I'm a rule utilitarian, so I think that the morality of actions should be assessed by their consequences. If someone offered me R50 000 for the privilege of breaking my nose I'd take it; I'd be happier with the R50 000 than an unbroken nose. So the actions of this weird stranger are good as long as he has my consent. The money raises my "good" meter by more than the pain etc lowers "bad" meter.
There are others who would also prefer the money, including Joe. Suppose our mystery stranger punches me in the nose but gives money to Joe. Total utility still goes up but I can't agree that the action is good.
Intuitively, most of us don't accept that benefiting somebody is a good reason for hurting someone else, even if the benefit is quite great. This is a general principle that we'll ignore under certain circumstances but it's still a principle that I think is common (and good).
Public policies normally create winners and losers so they involve the above kind of trade off. How can we choose between policies? One way is checking the levels of coercion. If two policies result in the same amount of utility then the less coercive one is better and highly utility doesn't necessarily justify coercion.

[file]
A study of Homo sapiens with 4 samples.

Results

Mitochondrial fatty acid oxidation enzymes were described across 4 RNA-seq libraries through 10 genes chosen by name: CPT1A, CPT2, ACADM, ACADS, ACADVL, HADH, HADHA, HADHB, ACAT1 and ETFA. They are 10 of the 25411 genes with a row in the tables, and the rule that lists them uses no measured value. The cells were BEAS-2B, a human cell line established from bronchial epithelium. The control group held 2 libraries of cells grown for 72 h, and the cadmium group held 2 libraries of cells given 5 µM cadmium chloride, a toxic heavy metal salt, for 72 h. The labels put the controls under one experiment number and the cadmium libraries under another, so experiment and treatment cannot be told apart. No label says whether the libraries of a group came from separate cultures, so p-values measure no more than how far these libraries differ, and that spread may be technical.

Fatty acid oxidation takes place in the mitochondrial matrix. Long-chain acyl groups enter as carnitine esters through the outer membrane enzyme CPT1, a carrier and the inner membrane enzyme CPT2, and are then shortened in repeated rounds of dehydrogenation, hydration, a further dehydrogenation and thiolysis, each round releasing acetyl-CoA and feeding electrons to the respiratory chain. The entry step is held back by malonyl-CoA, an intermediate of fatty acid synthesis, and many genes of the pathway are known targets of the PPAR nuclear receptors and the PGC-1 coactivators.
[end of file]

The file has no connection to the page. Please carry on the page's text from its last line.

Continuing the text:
If this point has any value, it is relevant to the minimum wage question. Economists agree that a minimum has a negative effect on employment, but many argue that those who benefit benefit more than those whose employment prospects are (often very slightly) worse. Others argue the other way. They disagree about which policy will maximize utility.
The non-coercive option is the no minimum wage option. A minimum wage involves punching some in the face and giving cash to others.
This post was prompted by this post on The Economist blog. They suggest that on average the minimum wage helps the wrong (i.e. well off) people and hurts those most in need.
Happiness research also suggests that unemployment makes people particularly miserable; this should be included in "utility calculations".